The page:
Originally published in the Veteran Writers Network
One of the ten smartest people I’ve ever known told me this story: During the height of the 1930’s Depression, she graduated from high school at the top of her class. At her graduation, college scholarship recipients were announced, and she sat there, eager and curious to hear which college had chosen to award her with a scholarship. The announcement never came. She went home, puzzled and disappointed, and shortly went out and found a job at Woolworth’s. Her parents weren’t in a position to fund a college education for her.
Next summer, one of her high school friends, back from the college she’d been attending on a scholarship, said to her, “Janice, I could never figure out why you didn’t get a scholarship. You graduated a lot higher than I did.”
My friend replied, “You know, I couldn’t understand it either.”
“Where’d you apply to?” her friend said.
No one had ever let her know that, to get a scholarship, you had to ask some college for one. She figured they just handed them out to the most deserving students. That one little piece of missing information changed the course of her life considerably.
A conversation I recently had with a couple of my old friends reminded me of that story.
Gary was telling me that he’d recently gotten accepted into the Veterans’ Administration health care system, and how surprisingly painless that process had been. I’d never imagined I’d be eligible, since I’d been a mere draftee, serving for not even two years. I said as much, and Gary said, “No, I think you’re eligible. You should check it out.”
He gave me a phone number to call, I did, and next day I was given preliminary approval and – of course – an application form to fill out. I did that, took it back to the main VA clinic, and within an hour I was enrolled in the VA health care system, and told that my financial situation was such that I qualified for zero co-payments for both primary and specialized care.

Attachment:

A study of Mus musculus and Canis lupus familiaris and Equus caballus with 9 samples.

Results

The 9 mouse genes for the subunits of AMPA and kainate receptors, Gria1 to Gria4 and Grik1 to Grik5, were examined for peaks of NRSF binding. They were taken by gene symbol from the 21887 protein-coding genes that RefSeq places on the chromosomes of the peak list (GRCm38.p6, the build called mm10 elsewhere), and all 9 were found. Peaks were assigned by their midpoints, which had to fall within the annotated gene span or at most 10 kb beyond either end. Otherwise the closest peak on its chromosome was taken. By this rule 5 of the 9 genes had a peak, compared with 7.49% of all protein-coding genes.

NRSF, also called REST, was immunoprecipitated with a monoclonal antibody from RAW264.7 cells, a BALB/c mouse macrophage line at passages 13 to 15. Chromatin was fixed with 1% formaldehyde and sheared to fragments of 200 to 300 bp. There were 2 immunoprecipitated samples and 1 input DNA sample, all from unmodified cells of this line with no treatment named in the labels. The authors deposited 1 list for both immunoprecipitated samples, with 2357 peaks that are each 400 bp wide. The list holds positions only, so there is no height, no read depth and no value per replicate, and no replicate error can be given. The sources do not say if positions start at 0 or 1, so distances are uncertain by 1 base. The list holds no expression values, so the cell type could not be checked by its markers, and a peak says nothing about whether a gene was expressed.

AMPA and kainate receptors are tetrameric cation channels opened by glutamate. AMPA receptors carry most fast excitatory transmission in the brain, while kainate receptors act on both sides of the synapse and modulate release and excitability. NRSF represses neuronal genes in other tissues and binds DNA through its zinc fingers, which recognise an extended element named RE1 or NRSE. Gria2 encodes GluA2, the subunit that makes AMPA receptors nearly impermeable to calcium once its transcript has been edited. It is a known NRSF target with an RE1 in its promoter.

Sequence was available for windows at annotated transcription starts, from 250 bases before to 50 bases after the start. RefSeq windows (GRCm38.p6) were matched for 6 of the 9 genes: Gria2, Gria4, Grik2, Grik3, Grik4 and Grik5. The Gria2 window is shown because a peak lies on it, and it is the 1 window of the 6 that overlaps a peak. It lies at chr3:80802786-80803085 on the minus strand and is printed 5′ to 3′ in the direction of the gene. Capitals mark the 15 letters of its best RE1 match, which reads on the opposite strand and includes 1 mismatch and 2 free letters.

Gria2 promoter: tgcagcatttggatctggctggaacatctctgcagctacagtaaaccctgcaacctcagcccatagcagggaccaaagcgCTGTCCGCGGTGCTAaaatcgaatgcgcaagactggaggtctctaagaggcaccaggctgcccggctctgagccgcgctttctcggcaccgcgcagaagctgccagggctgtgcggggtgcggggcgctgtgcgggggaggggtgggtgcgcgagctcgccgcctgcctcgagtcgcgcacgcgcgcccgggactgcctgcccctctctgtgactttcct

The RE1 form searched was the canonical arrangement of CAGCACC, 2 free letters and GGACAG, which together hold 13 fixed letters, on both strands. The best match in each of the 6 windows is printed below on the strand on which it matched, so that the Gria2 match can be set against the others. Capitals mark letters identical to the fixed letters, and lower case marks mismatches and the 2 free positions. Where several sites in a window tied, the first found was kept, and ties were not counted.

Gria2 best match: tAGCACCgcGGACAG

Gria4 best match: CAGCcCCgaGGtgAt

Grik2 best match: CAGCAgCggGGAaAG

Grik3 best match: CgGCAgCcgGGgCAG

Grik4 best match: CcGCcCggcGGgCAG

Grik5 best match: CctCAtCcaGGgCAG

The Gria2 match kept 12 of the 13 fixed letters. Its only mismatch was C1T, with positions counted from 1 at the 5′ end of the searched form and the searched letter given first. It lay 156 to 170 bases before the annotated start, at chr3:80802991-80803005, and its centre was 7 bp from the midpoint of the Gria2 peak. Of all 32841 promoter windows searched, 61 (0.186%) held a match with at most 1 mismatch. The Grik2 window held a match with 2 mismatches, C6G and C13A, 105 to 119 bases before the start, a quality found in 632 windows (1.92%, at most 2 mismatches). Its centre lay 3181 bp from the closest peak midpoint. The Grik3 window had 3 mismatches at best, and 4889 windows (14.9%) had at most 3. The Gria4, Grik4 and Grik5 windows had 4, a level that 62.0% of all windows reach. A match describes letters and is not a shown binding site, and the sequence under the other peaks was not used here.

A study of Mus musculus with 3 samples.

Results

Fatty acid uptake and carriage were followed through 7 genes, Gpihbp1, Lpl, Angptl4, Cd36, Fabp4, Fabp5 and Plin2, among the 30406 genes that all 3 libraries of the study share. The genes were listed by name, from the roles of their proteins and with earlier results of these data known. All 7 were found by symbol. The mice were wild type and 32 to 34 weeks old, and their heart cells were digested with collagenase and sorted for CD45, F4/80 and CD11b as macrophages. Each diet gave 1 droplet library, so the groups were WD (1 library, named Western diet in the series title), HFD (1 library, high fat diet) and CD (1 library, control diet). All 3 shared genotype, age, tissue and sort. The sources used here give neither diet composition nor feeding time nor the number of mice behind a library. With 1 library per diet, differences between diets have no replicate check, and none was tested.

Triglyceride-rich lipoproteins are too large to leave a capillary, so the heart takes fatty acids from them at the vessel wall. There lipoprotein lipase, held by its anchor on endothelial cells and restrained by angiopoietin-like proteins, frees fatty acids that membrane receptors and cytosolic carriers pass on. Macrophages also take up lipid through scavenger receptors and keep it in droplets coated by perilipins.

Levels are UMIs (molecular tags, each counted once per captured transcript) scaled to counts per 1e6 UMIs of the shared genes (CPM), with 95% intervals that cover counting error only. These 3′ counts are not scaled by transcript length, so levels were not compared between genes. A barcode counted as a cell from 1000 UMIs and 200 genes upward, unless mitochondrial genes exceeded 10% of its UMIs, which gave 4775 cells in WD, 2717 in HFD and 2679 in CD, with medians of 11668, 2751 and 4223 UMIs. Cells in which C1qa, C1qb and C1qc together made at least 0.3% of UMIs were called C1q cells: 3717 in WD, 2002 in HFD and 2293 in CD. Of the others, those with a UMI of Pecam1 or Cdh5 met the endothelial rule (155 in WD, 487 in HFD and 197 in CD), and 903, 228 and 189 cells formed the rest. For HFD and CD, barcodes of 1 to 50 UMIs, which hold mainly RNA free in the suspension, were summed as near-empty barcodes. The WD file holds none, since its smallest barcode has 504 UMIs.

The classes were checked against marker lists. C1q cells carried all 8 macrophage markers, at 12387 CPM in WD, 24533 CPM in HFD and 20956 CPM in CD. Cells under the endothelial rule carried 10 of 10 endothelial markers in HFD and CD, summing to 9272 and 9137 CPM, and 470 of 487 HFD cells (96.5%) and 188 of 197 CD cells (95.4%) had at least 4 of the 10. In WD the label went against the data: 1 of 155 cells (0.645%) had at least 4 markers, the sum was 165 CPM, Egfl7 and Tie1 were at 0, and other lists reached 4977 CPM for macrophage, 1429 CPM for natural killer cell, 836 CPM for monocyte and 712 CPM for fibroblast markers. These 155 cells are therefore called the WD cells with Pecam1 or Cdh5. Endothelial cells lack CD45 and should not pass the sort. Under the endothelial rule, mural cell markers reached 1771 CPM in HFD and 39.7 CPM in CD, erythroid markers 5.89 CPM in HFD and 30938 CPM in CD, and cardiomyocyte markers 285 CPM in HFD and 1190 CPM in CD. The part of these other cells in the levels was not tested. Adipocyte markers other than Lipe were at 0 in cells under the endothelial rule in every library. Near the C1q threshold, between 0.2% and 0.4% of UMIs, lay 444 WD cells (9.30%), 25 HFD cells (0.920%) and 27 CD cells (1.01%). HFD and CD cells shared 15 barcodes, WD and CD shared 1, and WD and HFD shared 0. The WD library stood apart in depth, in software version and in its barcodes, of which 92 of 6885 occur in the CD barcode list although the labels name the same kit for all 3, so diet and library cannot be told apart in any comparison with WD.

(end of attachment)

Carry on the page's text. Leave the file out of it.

Without exception, every person I dealt with at the clinic was knowledgeable, efficient, helpful and human. Hands down, it was the most relaxing and pleasant experience I’ve ever had in any medical facility.
The main VA clinic, the PFC Floyd K. Lindstrom Outpatient Clinic, is at 3141 Centennial Blvd. (just off the corner of Centennial and W. Fillmore), phone numbers (719) 327-5660 or 1(800) 278-3883.
Satellite Clinics are the Union Boulevard VA Clinic, 3920 North Union Blvd, (719) 327-5660 / Garden of the Gods Clinic, 1365 Garden of the Gods Rd, (719) 327-5660.
I had to take my application form home to collect some required information I hadn’t brought along. That included my Medicare Supplement company’s address and phone number, mine and my wife’s gross annual income and Social Security income (I didn’t need, but you might need to provide separate listings for business or investment or interest income), and total non-reimbursed medical expenses for the previous tax year.
If you collect that stuff and take it into the clinic, you should be able to get enrolled in one visit. (I’m assuming you’ll bring a copy of your DD-214, your Medicare and any supplemental health insurance cards with you.)
By the time my friend got her missing “Apply” information, it was a bit too late to do her much good. I’m grateful that I got enlightened in time to help me out, and, if by some chance, you’re an honorably discharged draftee and you didn’t know you could get health care from the VA, I hope this will get to you in time to do you some good.